Dozens of faithful from the area — and from around the world — recently came together to pray for the people of Ukraine, now in the fourth month of a brutal invasion by Russia that has killed thousands, displaced some 14 million and threatened global food supplies.

Sponsored by the archdiocesan Office for Pastoral Care of Migrants and Refugees (PCMR), the online “Pilgrimage Novena for World Peace,” held May 27 to June 4, drew participants from the Philadelphia region as well as New York, the Philippines and Africa for nightly recitations of the rosary.

Accompanying the Marian devotion were images from and reflections on key sites of the war’s worst atrocities to date – a format similar to that of an April 3 “Stations of the Cross for Ukraine” coordinated by PCMR director and Religious Sister of the Assumption Gertrude Borres and the Ukrainian Catholic Archeparchy of Philadelphia, who once again teamed up to present the pilgrimage novena.

Along with members of the local Ukrainian Catholic community, participants hailed from the Filipino Assumption Alumnae Abroad, the Filipino FIAT Prayer Group, the St. Agatha-St. James Parish (Philadelphia) Young Adult Group, the African Catholic Young Adult Group, and the Religious Sisters of the Assumption communities in West Philadelphia and Worcester, Mass., as well as the archdiocesan Office for Hispanic Ministry and Office for the New Evangelization.

The novena concluded with an in-person prayer service on Pentecost Sunday (June 5) at St. Francis de Sales Parish, featuring chants from the French-based Taizé community, which itself was founded amid World War II.

“One of the most beautiful gifts of the Holy Spirit … is peace,” said Father Volodymyr Radko of the Ukrainian Catholic Archeparchy of Philadelphia in his opening remarks at the service. “We pray for peace – first of all, peace in our hearts, (since) without that we cannot have peace with anyone else.”

A man carrying his belongings walks past destroyed apartment buildings in the port city of Mariupol, Ukraine, March 28, 2022. Bishop Pavlo Goncharuk of Kharkiv, Ukraine, said Russian forces continuously bombed Mariupol so that other Ukrainian cities would not resist. (CNS photo/Alexander Ermochenko, Reuters)

Ordained in his native Ukraine only days before Russia’s Feb. 24 invasion, Father Radko spent the first 25 days of the war ministering in the western city of Lviv prior to returning to Philadelphia.

During the novena’s May 31 session, which coinicided with the feast of the Visitation of the Blessed Virgin Mary, Father Radko discussed Russia’s relentless assaults on Mariupol, which included the bombing of a maternity hospital and a theater — marked with the Russian word for “children” – where hundreds of civilians were sheltering.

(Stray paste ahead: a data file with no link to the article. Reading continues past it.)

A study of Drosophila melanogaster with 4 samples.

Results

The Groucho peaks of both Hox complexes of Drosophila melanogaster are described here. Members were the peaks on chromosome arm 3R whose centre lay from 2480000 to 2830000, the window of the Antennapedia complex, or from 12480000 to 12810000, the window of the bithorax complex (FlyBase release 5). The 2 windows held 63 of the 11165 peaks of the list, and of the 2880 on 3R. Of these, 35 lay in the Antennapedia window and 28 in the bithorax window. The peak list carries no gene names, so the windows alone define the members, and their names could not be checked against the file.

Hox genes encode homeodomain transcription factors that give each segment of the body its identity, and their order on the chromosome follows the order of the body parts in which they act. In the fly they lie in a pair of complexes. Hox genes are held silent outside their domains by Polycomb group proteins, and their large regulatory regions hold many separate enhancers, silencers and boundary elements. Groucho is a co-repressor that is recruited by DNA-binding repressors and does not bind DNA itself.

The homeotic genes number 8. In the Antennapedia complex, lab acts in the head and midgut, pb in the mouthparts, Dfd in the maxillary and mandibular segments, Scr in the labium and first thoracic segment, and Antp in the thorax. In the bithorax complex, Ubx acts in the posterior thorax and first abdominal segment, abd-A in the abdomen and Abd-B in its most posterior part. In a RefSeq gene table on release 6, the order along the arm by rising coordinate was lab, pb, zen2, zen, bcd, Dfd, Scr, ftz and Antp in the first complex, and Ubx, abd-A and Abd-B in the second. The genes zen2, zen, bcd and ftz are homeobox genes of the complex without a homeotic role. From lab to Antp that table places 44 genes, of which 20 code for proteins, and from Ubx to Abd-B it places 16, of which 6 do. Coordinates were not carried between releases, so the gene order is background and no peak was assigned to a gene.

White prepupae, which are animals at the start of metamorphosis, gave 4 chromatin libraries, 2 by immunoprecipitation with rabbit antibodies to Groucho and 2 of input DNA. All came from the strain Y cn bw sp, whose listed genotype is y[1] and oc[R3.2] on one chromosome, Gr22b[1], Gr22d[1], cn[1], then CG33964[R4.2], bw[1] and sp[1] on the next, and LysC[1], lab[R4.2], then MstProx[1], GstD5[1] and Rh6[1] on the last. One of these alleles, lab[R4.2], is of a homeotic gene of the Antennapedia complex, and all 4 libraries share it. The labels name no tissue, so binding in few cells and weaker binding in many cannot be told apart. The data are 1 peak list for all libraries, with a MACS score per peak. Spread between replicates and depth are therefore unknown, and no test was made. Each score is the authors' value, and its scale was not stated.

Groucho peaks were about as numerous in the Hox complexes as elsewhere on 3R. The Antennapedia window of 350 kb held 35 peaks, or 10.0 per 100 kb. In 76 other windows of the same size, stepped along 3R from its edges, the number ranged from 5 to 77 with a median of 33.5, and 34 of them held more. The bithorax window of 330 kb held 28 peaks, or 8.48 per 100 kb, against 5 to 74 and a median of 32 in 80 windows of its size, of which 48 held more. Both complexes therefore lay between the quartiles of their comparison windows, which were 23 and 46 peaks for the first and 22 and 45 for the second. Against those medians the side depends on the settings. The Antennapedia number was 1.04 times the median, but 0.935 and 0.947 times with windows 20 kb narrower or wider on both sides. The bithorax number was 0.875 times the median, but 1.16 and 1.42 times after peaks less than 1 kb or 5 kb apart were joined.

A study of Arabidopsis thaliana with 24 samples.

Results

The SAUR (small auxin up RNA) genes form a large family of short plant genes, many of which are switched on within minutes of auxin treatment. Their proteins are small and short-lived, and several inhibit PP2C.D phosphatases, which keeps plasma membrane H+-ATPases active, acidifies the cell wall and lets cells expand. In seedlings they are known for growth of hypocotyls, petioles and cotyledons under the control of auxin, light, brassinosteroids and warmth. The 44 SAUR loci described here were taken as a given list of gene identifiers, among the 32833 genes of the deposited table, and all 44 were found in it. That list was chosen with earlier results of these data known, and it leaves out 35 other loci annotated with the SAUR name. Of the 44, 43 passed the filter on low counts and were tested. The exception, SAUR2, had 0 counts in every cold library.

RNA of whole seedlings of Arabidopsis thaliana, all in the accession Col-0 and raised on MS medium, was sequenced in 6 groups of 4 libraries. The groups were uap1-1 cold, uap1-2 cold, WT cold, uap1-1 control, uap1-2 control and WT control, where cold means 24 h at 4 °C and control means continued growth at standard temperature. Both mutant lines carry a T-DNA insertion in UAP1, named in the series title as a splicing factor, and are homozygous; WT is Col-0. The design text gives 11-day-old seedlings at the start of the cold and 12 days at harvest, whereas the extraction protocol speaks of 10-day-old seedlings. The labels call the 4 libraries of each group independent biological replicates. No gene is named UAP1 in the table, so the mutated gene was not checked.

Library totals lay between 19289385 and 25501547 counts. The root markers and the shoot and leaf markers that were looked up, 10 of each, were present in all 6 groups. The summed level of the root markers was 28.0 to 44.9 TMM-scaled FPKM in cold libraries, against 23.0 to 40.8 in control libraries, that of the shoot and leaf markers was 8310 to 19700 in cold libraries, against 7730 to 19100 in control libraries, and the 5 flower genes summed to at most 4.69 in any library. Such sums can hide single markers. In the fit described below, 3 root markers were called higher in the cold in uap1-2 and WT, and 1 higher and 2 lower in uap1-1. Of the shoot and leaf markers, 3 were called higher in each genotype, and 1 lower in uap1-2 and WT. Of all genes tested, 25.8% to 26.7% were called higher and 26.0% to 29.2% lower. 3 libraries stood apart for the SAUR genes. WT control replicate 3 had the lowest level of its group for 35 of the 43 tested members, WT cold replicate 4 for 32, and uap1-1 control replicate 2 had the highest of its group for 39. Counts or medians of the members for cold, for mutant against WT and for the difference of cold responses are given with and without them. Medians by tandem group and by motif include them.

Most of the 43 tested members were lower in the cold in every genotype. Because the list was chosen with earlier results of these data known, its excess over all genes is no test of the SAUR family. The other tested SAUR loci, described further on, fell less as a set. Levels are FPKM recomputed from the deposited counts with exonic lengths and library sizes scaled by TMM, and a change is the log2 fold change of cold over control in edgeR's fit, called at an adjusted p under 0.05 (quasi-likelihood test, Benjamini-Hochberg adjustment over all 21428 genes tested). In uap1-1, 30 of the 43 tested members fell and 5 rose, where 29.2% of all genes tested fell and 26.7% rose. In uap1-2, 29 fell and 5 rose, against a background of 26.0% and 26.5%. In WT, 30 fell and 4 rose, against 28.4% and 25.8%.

Explaining that Mariupol means “city of Mary,” he said such actions showed “more fully how insane our enemy is.”

The Russian siege of that city (which hundreds of Ukrainian fighters resisted for weeks), along with the dire humanitarian crisis triggered by the assaults, have come to exemplify the war’s barbarism, said Father Radko.

“Every time (Russia) agreed that the civilians could leave the city, or that humanitarian aid could be brought to the city, they started to shell,” he said. “The only exit from the city was to Russia.”

The city’s horrific sufferings have rendered Mariupol “very close to us, very dear to our heart,” he said.

Such anguish compounds a long history of Russian attacks on Ukraine. The most recent invasion continues assaults Russia launched in 2014, with the attempted annexation of Crimea and the backing of separatist regions in Donetsk and Luhansk.

The latest round of aggression has been marked by particularly gruesome violence against civilians, prompting multinational calls for war crimes investigations. A May 26 report released by the New Lines Institute for Strategy and Policy and the Raoul Wallenberg Center for Human Rights concluded that Russia has breached the 1948 Genocide Convention, “triggering States’ duty to prevent” genocide under Article I of that document, said the authors.

Both the Russian Federation and the United States are signatories of the convention, as well as of the 1994 Budapest Memorandum. Under that agreement, Ukraine voluntarily forfeited its nuclear arsenal – the third largest in the world at the time – as the U.S., Russia and Britain pledged “to respect the independence and sovereignty and the existing borders or Ukraine” and “to refrain from the threat or use of force” against Ukraine.

That nation’s sufferings are “a symbol of the way of the Cross,” said Father Radko.

At the same time, “we have hope in the Resurrection, and we wait for that,” he said. “We expect in these days, one more time, an outpouring of the Holy Spirit.”

The novena and Taizé service were a way of preparing for that renewal, even amid the war’s bewildering ferocity, he added.

“Do not be discouraged,” said Father Radko. “Your prayers are answered. Ukraine still stands, even today.”